Fast food may often be high in salt, but the exact levels seem to vary based on the country you live in.
Looking at fast-food menu information in six countries, researchers found that the same item sometimes had different salt levels in different countries, according to a study published Monday.
In general, certain foods had less salt in the U.K. than in the U.S. or Canada -- like McDonald's chicken nuggets and some chain-restaurant pizzas.
One serving of Chicken McNuggets, for example, came with 1.5 grams of salt (or 600 milligrams of sodium) in the U.S. and 1.7 grams of salt (680 mg of sodium) in Canada. That compared with just 0.6 grams of salt (240 mg of sodium) in the U.K.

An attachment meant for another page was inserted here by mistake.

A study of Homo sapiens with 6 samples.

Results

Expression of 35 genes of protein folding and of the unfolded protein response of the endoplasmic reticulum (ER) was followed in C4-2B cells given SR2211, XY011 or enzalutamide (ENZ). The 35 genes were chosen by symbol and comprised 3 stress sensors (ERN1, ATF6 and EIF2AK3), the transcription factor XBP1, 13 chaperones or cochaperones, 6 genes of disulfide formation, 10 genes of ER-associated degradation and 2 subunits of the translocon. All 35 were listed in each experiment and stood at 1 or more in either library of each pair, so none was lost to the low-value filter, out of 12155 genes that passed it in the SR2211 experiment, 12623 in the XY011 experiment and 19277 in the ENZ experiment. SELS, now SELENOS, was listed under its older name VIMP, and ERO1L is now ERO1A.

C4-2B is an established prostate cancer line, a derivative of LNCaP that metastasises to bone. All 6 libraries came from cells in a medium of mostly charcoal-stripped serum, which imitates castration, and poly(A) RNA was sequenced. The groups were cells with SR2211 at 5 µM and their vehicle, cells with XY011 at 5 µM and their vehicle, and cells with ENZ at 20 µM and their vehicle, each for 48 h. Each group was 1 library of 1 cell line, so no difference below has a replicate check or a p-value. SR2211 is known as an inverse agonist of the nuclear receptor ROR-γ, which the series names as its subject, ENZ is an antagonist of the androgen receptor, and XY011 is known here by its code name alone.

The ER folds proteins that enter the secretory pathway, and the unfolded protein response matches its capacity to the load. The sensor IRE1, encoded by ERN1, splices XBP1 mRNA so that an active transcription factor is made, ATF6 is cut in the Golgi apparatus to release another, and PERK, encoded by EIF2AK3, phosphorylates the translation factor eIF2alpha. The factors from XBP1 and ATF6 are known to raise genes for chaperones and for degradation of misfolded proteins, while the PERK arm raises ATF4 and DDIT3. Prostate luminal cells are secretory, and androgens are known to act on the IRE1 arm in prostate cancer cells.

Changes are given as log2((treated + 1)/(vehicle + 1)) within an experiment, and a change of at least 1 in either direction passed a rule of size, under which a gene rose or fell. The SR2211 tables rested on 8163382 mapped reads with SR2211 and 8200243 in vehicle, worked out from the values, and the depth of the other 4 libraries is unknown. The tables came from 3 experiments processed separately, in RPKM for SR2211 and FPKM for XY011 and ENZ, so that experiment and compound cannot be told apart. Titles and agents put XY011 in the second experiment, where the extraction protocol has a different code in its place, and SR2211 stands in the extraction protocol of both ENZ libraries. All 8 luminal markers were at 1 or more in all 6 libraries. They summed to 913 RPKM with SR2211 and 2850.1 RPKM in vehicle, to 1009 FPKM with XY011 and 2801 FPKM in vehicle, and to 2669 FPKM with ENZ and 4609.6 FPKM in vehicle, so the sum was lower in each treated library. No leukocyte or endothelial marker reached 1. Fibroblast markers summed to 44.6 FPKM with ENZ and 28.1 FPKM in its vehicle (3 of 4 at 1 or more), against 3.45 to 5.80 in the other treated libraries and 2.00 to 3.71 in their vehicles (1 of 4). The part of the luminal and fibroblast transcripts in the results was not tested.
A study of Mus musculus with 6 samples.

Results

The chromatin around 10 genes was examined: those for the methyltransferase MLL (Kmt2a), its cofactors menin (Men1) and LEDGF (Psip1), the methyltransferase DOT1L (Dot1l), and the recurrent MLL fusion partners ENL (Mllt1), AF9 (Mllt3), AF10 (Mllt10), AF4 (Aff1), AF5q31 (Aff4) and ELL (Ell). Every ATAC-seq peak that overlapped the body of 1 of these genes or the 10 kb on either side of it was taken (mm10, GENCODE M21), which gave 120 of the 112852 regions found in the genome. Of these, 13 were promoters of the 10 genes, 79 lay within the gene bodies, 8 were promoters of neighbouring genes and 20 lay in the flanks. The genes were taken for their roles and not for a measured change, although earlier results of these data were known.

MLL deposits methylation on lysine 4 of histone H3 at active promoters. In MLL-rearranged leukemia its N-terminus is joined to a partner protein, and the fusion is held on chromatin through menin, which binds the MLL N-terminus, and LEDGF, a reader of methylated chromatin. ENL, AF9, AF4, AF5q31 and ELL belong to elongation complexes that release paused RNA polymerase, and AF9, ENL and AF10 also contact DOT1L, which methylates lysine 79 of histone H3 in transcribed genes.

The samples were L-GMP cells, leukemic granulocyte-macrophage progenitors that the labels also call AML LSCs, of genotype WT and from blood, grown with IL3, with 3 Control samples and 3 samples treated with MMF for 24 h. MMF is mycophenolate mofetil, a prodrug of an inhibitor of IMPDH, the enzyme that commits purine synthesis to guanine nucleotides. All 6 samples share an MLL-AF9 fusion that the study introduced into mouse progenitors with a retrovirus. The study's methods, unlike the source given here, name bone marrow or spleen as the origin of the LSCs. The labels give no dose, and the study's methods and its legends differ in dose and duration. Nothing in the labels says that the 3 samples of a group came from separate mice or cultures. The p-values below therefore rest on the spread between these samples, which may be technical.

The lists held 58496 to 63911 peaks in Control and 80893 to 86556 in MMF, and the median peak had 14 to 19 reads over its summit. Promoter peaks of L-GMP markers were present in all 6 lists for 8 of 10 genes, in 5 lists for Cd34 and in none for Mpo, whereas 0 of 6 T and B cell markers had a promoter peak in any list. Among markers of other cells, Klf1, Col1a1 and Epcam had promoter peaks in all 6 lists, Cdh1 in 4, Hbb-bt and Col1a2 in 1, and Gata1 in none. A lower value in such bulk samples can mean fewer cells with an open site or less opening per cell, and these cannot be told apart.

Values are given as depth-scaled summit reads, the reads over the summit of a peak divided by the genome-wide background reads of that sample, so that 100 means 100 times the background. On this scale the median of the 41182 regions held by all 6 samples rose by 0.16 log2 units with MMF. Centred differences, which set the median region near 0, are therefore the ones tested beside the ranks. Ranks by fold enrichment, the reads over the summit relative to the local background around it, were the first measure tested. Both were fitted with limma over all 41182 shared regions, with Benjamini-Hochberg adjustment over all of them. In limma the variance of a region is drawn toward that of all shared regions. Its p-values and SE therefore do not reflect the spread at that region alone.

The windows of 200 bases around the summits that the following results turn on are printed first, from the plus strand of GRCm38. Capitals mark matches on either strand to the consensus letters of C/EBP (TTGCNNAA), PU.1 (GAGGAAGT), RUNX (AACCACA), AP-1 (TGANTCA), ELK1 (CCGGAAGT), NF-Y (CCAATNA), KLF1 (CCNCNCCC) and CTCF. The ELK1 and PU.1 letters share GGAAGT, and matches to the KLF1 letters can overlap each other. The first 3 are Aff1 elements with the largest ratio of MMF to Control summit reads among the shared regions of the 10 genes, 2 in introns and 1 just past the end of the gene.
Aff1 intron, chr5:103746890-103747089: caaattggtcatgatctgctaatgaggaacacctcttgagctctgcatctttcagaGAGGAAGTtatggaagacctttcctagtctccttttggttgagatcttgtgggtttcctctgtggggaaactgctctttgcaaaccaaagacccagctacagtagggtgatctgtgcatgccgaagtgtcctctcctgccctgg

The chicken nuggets served up in Australia, France and New Zealand had salt levels that fell somewhere in between.
Salt was pervasive regardless of location, however. Overall, fast-food burgers served up an average of 1.3 grams of salt (or 520 grams of sodium) across all countries, with only small national differences.
But researchers said the study is not an attack on the fast-food industry. Country-to-country variations are seen in packaged food, too. And heavy salt use is not unique to fast food but also occurs in many restaurants.
According to the World Health Organization (WHO), people should get less than 2,000 mg of sodium over a whole day. A 2010 study in the New England Journal of Medicine estimated that if Americans cut 3 grams of salt out of their daily diets -- or 1,200 mg of sodium -- it would save up to 92,000 lives each year.